Andrew Gillum speaks after scandal

Former Florida gubernatorial candidate Andrew Gillum is coming out as bisexual. The 2018 Democratic nominee made the announcement on the “Tamron Hall Show" which is set to air Monday at 3 p.m. on CBS47.

Gillum found himself at the center of a scandal earlier this year after he was found intoxicated in a Miami motel room with two other men. Police said a bag of crystal meth was found inside the motel room. Gillum admitted he was drunk but said he did not use the drugs.

On the “Tamron Hall Show”, Gillum, who is a father of three, discussed the impact the incident has had on his image and his life. Gillum shared that he was battling depression after losing Florida’s gubernatorial race in 2018 to Ron DeSantis. He said he started drinking and declined to seek therapy.

David Johns, the executive director of the National Black Justice Coalition, responded to Gillum’s appearance on the “Tamron Hall Show” with this statement:

“Black members of the LGBTQ+ community across the country watched Andrew Gillum’s interview with Tamron Hall today with empathy and love, as so many of us can relate to the complex issues and feelings he conveyed. I applaud Gillum’s willingness to be vulnerable about his struggles and journey on national television, and deeply appreciate the raw emotion he conveyed in his conversation with Hall alongside his wife, R. Jai.

"Gillum’s reflections demonstrate that there must be space in our country for people to be themselves without shame and fear. When we are forced by harmful societal expectations to operate in black and white, with no room to express the many gray areas of ourselves that make us who we are, we get hurt.

"As R. Jai beautifully explained in the interview with Tamron Hall, no one should have the pressure of explaining or defending their relationship, the private covenant made between them and their partner(s), to people who are unable or unwilling to understand.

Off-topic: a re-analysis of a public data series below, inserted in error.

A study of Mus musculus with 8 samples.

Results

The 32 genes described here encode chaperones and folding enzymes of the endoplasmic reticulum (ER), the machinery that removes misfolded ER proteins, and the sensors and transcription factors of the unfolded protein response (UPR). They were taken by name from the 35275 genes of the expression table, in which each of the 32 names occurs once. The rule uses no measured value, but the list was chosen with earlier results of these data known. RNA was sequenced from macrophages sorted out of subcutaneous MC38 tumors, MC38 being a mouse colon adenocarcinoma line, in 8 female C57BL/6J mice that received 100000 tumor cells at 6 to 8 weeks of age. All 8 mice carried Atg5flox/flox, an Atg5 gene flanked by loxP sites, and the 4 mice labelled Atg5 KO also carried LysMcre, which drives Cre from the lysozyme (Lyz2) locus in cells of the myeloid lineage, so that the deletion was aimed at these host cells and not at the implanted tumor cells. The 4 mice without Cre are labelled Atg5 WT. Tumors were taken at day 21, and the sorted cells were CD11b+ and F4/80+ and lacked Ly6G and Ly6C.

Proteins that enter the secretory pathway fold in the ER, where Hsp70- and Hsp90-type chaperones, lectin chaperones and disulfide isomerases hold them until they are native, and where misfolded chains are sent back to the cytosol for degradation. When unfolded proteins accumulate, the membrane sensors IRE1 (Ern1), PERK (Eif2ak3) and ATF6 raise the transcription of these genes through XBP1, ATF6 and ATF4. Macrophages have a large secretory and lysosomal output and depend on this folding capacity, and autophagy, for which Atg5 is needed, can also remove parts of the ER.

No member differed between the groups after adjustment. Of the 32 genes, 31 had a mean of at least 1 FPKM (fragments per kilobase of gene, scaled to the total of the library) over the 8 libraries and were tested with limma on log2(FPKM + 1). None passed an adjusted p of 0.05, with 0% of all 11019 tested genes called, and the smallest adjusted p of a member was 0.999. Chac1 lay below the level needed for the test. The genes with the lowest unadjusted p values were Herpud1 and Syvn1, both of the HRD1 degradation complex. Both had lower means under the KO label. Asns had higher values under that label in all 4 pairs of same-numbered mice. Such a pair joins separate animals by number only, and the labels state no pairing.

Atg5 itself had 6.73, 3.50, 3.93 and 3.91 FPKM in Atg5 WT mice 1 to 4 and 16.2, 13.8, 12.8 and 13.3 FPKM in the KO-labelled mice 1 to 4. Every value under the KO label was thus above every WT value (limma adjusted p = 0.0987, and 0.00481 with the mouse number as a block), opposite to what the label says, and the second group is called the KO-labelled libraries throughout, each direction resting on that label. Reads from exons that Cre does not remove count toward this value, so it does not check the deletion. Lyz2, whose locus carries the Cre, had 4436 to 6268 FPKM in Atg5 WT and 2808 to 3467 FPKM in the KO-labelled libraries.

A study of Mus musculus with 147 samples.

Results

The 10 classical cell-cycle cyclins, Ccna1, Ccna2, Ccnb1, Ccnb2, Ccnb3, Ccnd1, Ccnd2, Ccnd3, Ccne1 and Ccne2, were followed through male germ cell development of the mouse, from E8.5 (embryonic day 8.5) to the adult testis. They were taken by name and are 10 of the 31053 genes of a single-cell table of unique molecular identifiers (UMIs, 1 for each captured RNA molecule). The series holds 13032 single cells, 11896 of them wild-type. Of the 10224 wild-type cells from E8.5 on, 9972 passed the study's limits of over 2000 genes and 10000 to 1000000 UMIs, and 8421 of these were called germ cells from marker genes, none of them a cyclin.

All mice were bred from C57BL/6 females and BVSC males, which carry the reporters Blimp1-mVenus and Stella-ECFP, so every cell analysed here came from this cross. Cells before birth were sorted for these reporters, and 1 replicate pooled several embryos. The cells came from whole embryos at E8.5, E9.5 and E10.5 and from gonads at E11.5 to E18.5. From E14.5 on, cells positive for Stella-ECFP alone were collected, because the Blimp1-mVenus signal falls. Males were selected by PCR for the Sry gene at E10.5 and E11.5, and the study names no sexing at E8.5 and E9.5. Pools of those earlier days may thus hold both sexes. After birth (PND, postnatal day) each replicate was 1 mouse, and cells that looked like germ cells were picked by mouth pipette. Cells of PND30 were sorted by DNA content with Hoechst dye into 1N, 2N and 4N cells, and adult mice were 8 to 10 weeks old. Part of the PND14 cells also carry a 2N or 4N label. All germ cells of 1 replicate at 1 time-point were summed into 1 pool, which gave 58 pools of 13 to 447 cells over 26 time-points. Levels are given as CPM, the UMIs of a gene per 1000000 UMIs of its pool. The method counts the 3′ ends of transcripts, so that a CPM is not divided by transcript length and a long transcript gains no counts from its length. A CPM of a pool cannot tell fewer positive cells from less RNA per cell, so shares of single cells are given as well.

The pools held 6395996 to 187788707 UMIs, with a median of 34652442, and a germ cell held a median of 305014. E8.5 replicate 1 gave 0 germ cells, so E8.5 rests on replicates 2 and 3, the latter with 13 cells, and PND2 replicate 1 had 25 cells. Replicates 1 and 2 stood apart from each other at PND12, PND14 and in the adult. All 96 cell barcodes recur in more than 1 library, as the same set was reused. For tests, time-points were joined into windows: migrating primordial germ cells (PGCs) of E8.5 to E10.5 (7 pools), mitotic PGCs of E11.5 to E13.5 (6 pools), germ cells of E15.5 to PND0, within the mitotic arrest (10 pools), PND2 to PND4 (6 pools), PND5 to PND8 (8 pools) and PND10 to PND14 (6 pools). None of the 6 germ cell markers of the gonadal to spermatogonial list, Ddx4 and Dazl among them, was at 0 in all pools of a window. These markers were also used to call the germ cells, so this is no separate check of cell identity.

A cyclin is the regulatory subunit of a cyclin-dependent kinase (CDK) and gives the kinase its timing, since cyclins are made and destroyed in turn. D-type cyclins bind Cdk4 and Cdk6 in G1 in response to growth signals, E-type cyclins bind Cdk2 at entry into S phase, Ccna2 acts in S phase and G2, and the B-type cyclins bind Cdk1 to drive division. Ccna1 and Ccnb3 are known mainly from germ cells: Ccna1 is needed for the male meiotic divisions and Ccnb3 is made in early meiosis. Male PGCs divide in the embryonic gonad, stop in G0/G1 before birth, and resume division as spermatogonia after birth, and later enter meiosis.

"As the United States continues with our long-overdue racial reckoning, it’s imperative that we also address the deep-seated homophobia, biphobia, bi-erasure, and transphobia that permeates our everyday lives, forcing countless people to hide essential parts of themselves at a great cost to themselves—and to our cultural consciousness at large.

"I am proud of my brother Andrew for blazing new trails by inviting the world into the fact that he is bisexual. He’s creating space for us to talk about a segment of our community that experiences erasure, stigma, and discrimination from both within and outside the LGBTQIA+ community. It is my hope that the conversation does not end with today’s interview, but is continued without stigma, and with a whole lot of grace. These conversations and the healing they may provide for so many members of our community are required for all Black people to be free--healthy, happy, and whole. “At the end of the day, everyone deserves to be treated with respect. Everyone deserves to be recognized for who they truly are, and welcomed with open arms. We all deserve to live fully in our truth, and for our whole selves to be accepted and celebrated. And as Andrew said, none of us should be judged based on what someone else may think is our worst day. The National Black Justice Coalition looks forward to supporting anyone interested in learning more about bisexuality in America and in advancing radically inclusive social justice.”